In September 2013 McMaster University and Fraunhofer IZI signed a Memorandum of Agreement, marking an important phase in their ongoing collaborative research partnership.
The signing was a critical step in the long-term plan to create a Fraunhofer Project Centre, headquartered in Hamilton.
In the photo, from left to right: Stephen Collins, associate dean of research in McMaster’s Faculty of Health Sciences, Patrick Deane, McMaster’s president & vice-chancellor, Frank Emmrich, director of the Fraunhofer IZI, and Mo Elbestawi, McMaster’s vice-president of research & international affairs, are all smiles as they sign an agreement which will see the two institutions collaborate on a number of research projects.
On April 14, 2014 Ontario's Minister of Economic Development, Trade and Employment, Dr. Eric Hoskins, announced that the Ontario government will contribute $4M toward the Fraunhofer Project Centre for Biomedical Engineering and Advanced Manufacturing (BEAM).
In the photo from l to r: Mo Elbestawi, VP Research & International Affairs; Deputy Mayor Rob Pasuta: Minister Ted McMeekin; Minister Eric Hoskins; President Patrick Deane, Christopher Oelkrug (Fraunhofer IZI)
Supporting Biomedical Innovation in Ontario
Province Helping To Advance Emerging Sector
Ontario is investing in the cell therapy and biomedical manufacturing industry to help create jobs, attract top talent and promote economic growth.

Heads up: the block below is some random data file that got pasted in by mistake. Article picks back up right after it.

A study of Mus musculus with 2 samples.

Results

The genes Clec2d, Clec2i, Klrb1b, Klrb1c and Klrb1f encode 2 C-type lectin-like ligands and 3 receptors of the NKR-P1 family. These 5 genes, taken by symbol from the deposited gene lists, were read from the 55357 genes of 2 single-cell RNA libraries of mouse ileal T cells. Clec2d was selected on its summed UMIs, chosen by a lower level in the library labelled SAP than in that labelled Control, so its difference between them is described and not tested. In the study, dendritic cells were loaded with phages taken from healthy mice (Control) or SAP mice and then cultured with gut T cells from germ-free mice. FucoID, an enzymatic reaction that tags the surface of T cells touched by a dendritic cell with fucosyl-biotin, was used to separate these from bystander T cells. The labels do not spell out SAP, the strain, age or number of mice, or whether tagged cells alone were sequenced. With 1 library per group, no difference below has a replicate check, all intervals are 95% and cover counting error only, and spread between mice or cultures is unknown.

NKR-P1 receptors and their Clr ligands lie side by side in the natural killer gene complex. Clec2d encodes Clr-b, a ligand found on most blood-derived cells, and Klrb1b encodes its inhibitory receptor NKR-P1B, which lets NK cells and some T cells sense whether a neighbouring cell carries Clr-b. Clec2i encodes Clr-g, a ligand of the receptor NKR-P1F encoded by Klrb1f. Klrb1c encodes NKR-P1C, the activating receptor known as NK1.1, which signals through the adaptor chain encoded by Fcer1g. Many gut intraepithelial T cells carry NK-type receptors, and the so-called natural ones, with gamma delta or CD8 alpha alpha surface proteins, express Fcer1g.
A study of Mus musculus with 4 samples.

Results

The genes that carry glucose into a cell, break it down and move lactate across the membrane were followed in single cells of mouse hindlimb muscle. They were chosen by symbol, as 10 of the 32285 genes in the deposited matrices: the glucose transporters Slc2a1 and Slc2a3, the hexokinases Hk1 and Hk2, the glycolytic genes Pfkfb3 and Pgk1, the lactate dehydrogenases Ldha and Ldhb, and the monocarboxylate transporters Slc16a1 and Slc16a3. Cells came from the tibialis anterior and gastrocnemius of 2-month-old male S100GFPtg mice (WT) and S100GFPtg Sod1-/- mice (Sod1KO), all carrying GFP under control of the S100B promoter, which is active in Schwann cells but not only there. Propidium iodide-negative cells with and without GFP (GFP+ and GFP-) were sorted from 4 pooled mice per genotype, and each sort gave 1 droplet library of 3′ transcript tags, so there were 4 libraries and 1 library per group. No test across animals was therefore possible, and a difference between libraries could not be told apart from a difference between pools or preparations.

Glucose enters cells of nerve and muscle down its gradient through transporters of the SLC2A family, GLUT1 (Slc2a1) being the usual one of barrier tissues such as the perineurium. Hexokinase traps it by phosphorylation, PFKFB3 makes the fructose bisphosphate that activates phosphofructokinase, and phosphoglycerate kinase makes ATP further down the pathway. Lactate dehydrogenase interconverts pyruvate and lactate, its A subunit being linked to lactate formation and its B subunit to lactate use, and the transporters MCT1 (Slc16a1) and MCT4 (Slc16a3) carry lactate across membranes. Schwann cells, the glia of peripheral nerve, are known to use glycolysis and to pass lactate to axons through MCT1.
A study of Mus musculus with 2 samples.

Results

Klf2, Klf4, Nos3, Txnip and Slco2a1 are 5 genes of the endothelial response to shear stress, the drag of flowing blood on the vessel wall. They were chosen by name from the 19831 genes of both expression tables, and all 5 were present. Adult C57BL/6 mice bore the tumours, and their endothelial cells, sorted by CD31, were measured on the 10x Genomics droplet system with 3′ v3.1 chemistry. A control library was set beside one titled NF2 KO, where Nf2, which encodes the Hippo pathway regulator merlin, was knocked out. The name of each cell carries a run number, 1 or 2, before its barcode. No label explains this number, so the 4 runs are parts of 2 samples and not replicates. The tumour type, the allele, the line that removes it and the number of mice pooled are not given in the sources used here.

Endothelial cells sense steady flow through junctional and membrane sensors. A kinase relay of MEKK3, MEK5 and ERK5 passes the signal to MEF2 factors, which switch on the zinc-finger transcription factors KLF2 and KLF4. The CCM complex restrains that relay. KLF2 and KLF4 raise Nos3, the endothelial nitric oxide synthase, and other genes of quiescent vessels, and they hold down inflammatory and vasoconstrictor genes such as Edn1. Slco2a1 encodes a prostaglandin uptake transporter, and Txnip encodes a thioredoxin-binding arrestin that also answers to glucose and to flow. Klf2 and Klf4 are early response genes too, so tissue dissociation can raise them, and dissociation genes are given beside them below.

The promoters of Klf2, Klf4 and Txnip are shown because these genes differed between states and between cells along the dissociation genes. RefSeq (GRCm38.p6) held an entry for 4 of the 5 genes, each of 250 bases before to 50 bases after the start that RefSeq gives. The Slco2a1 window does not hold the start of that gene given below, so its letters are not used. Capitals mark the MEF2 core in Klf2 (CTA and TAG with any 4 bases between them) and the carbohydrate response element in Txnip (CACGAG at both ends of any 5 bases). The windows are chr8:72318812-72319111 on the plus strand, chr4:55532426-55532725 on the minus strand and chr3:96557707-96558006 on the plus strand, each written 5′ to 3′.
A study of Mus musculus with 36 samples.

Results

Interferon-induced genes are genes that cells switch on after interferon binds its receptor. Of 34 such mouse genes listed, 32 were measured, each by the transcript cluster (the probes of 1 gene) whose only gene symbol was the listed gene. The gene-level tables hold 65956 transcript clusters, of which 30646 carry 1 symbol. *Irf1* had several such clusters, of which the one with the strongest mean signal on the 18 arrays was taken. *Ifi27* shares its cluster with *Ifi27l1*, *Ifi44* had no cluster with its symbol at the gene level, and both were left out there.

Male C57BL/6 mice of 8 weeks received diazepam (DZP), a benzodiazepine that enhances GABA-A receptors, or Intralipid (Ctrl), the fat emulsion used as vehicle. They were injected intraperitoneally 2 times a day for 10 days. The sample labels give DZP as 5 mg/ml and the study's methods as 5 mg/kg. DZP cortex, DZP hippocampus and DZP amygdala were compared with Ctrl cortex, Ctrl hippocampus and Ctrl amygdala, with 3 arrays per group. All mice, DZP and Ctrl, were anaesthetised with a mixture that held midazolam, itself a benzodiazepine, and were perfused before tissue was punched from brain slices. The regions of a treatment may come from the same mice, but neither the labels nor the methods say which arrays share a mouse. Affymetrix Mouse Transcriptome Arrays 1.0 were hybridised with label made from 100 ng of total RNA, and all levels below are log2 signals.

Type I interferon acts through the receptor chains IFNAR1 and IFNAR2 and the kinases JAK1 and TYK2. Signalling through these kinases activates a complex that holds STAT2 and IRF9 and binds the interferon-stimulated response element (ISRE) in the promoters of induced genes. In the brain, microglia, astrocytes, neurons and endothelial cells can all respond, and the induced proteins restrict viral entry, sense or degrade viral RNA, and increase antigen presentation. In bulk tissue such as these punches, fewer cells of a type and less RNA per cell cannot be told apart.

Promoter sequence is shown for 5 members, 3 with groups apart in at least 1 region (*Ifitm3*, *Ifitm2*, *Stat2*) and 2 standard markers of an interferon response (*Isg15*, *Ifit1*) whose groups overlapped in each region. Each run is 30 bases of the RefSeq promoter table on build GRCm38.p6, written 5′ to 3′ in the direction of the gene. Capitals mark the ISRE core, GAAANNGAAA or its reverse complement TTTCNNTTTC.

The province is contributing $4 million toward the McMaster-Fraunhofer Project Centre for Biomedical Engineering and Advanced Manufacturing (BEAM) in Hamilton. The joint project is anticipated to create up to 100 jobs and attract top scientists and industry researchers from around the world. It will also help establish Hamilton as a hub for Ontario's life sciences sector.
Created by McMaster University and Germany's Fraunhofer Institute for Cell Therapy and Immunology, BEAM will develop innovative technologies to automate production for cell therapies, significantly lowering the cost to treat degenerative diseases like cancer.
Building our knowledge economy is part of the government's economic plan that is creating jobs for today and tomorrow. The comprehensive plan and its six priorities focus on Ontario's greatest strengths - its people and strategic partnerships.
- Since 2003, Ontario has invested more than $3.8 billion in research and innovation.
- Canada ranks sixth in the world in quality and impact of research and nearly half of all Canadian research is done in Ontario.
- Ontario businesses invest $6.8 billion in research and development each year.
- BEAM will be located at the McMaster Innovation Park.
- The cell therapies industry is estimated to generate annual revenues of $10 billion by 2021.